Today is my Dad’s birthday. Though he hasn’t been with us for 8 years I still love to celebrate with a Canadian bacon and pineapple pizza, a German chocolate cake, and tin roof sundae ice cream. Kelly and I were able to scatter the rest of his ashes near our family cabin in Alaska when we were up there for our first trip. We sang songs and shared good memories of learning to hit softballs with Dad. Having him run alonsgside our bikes with the training wheels off for the first time; his hands on his hips and a look of pride and triumph on his face, while we held on for our lives… thinking they would be very short ones! We used to play foursquare after dinner while we were in gradeschool. It worked perfect, Mom, Dad, Kelly and I. We didn’t have to wait turns like at school, we could just play in that seemingly endless Alaskan sunshine.
I remember him being sure that we could all learn to cross-country ski. This was after we had enlarged our family and it was a riot trying to get all my tiny siblings dressed for arctic weather and then strap skiis on them. We tried, we really did but in the end only the older few got the hang of it. That’s something I loved about Dad; something I think I may have come by honestly, his wild whims that swept the whole familyup into fun and sometimes crisis. He loved the wind in his hair, going new places and trying new things. Why not? We were not always prepared for what we met but oh the memories we made.
There was one time he took me fishing on the Russian River for salmon. The run was is and there were fishermen elbow to elbow all along the shores. I tried to use all of my 12 year old focus on fishing instead of boys but it was long and tedious. I soon passed hours looking for pretty rocks. Dad was very patient about getting my line all ready for me and he really did let me do all the fishing I could stand before he went into hunting mode. I was thankful for the time we had together and for Mom who had a houseful of toddlers and still sent her husband away for the weekend.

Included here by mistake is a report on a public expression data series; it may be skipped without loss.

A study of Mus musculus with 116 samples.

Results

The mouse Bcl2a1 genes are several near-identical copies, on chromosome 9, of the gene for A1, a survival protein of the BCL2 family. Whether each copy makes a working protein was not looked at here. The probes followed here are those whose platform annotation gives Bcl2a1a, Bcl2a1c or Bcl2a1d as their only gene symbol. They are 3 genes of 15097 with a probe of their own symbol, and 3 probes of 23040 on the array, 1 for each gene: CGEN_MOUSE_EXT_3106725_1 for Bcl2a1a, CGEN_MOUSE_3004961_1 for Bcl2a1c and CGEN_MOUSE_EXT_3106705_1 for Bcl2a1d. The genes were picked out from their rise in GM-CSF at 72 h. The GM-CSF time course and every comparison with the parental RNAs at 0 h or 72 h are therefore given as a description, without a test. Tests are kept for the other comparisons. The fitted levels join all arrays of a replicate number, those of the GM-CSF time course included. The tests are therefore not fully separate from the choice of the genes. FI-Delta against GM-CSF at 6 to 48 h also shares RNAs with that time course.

Dad only packed this tiny little bag for our overnight trip. Now, I do like to bring all the just in cases with me but I desperately wanted Dad’s approval so I packed like he did, I thought. Fishing elbow to elbow has its challenges, one of which I got to experience first hand. When a fish bites your hook on a river you yell “Fish on!” and people downstream are supposed to reel in so you don’t get all tangled up. Someone upstream had caught a beautiful salmon and hollered the magic words. People started reeling in frantically, pushing and shoving ensued and I lost my balance. I fell in. I fell in the Russian River in front of who knows how many people. I was certain in my pre-adolescence that everyone on earth was looking at me and laughing their heads off.
Dad helped me up, my rubber boots filled with icy water. I struggled out of the River and back up to the truck. Dad handed me my little bag and said,”Well, at least you can change.” I laughed nervously. “Change? I thought we were roughing it.” “We are but I always bring a change of clothes, didn’t you?” Nope. I had underestimated my father’s packing ability. After years of travel for business he had learned to roll his clothes in this tiny little ho-ho thing and tie it with a belt so it took up almost no space at all.
I got to enjoy his little ho-ho thing….I got to wear it. Belt and all. We gave up on fishing and went to a diner for lunch. I waddled into this little remote eatery in my father’s very big britches, his plaid shirt tucked WAY into his large pants and his size 9 sneakers barely visible from the rolls of denim hanging off my legs. Well, at least I wouldn’t know anyone here, I thought. I must have thought it too loudly, or God wanted to work on my pride, because just two tables over were some kids from my bus route. I tried to be mature, I smiled and sheepishly said hello, hoping they wouldn’t remember me like this always. But as I put my hand in Dad’s as we walked out of the diner – me in my clownish attire – I felt just a little proud. I knew my Daddy loved me no matter what. He loved me if I looked like a clown, if I cut our fishing trip short, if I started a domino of fishermen falling into the Russian River….he still loved me.
So I let them laugh and I didn’t really worry about those kids on the bus snickering at me. I had bigger fish to catch! Thanks Dad!